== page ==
Directive introduced to ban single-use plastics in the EU
To prevent and reduce the negative impact on the environment of some plastics, as well as to promote a transition to a circular economy, on 3 July 2021 we will see a directive introduced to ban single-use plastics in the EU.
Single-use plastics are made fully or partly of plastics, with the intention to only be used once or for a short period of time. The plastic products set to be banned as part of this directive are:
- cutlery (forks, knives, spoons, chopsticks);
- cotton bud sticks;
- beverage stirrers;
- sticks to be attached to and to support balloons;
- food and drink containers made of expanded polystyrene;
- products made from oxo-degradable plastic.
There are also a range of products that are being reviewed for further action (but not bans) under EPR in the EU (where alternatives are available), this includes bags, sanitary products, and wet wipes.
Requirements of EU countries
European countries will have a responsibility, for products of which there are no alternatives and in line with the EU’s waste policy, to take measures to reduce the consumption of certain single-use plastics. In addition to this, they must monitor consumption and report progress to the European Commission. Further responsibilities extend to encouraging consumers to adapt responsible behaviours, reducing litter for such products and utilising reusable alternatives.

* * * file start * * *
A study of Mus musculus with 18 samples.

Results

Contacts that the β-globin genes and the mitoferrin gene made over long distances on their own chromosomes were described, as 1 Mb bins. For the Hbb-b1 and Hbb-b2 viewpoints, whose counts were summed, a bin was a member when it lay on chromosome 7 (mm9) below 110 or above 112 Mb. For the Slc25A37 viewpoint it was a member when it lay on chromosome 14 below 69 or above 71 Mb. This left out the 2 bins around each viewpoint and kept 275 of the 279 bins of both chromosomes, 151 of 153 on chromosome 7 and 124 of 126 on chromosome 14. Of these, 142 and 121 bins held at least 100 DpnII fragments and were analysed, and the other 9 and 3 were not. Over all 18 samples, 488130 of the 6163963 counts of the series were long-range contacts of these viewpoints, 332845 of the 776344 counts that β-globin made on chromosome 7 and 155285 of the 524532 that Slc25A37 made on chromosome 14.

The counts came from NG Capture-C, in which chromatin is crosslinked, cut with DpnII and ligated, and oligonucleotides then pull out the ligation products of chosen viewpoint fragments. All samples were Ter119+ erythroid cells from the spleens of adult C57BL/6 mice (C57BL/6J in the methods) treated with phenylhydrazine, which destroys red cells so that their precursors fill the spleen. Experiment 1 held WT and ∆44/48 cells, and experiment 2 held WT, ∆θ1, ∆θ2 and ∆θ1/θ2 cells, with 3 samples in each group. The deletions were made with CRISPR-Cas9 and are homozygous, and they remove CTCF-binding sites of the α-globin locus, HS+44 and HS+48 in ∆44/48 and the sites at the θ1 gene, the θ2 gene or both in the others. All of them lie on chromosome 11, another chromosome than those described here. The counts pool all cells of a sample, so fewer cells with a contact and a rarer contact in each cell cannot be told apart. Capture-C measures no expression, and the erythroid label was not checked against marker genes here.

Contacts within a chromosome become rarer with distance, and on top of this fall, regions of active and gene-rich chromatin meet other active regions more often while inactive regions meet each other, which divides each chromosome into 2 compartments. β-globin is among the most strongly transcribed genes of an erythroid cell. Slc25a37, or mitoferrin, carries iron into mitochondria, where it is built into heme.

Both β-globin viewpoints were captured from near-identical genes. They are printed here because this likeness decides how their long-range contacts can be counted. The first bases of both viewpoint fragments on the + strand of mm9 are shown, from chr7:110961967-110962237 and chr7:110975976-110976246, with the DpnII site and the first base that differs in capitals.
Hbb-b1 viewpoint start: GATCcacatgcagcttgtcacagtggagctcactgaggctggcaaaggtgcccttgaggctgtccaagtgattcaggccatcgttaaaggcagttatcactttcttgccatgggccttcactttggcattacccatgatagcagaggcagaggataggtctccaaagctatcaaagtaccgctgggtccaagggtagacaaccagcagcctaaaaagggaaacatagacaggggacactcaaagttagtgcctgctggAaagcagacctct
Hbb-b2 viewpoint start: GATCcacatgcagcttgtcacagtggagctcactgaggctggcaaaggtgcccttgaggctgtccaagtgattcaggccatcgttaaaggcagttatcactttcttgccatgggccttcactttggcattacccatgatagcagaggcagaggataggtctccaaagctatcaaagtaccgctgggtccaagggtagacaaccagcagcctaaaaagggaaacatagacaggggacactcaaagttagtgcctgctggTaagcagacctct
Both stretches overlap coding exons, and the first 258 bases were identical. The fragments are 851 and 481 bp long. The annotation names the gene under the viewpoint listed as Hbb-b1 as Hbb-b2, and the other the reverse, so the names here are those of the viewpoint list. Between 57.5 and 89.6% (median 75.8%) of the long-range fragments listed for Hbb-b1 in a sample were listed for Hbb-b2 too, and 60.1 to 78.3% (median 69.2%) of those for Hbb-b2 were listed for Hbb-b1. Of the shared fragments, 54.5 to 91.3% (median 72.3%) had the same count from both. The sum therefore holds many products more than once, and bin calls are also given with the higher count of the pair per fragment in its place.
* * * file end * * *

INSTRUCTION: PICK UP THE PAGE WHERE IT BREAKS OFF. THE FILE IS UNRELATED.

With the introduction of this ban on 3rd July, this includes market restrictions and marking of product rules, whilst the product design requirements for bottles apply from 3 July 2024.
There are separate collection and design requirements for plastic bottles, as the directive sets a collection target of 90% recycling for plastic bottles by 2029 with an interim target of 77% by 2025. These bottles should contain at least 25% recycled plastic in their manufacture by 2025 (for PET bottled) and 30% by 2030 (for all bottles.)
Extended Producer Responsibility (EPR) measures will also be incorporated within this directive, which is in line with the UK’s EPR proposals, but these will not apply until 31 December 2024.
A full summary of the directive can be viewed on the European Union Law’s website HERE
This directive delivers on the EU’s plastic strategy and is an important step as we move towards a circular economy. Comply Direct can support companies to quantify and mitigate plastic tax liability as well design for recyclability. Click here to read about our full sustainable packaging consultancy services.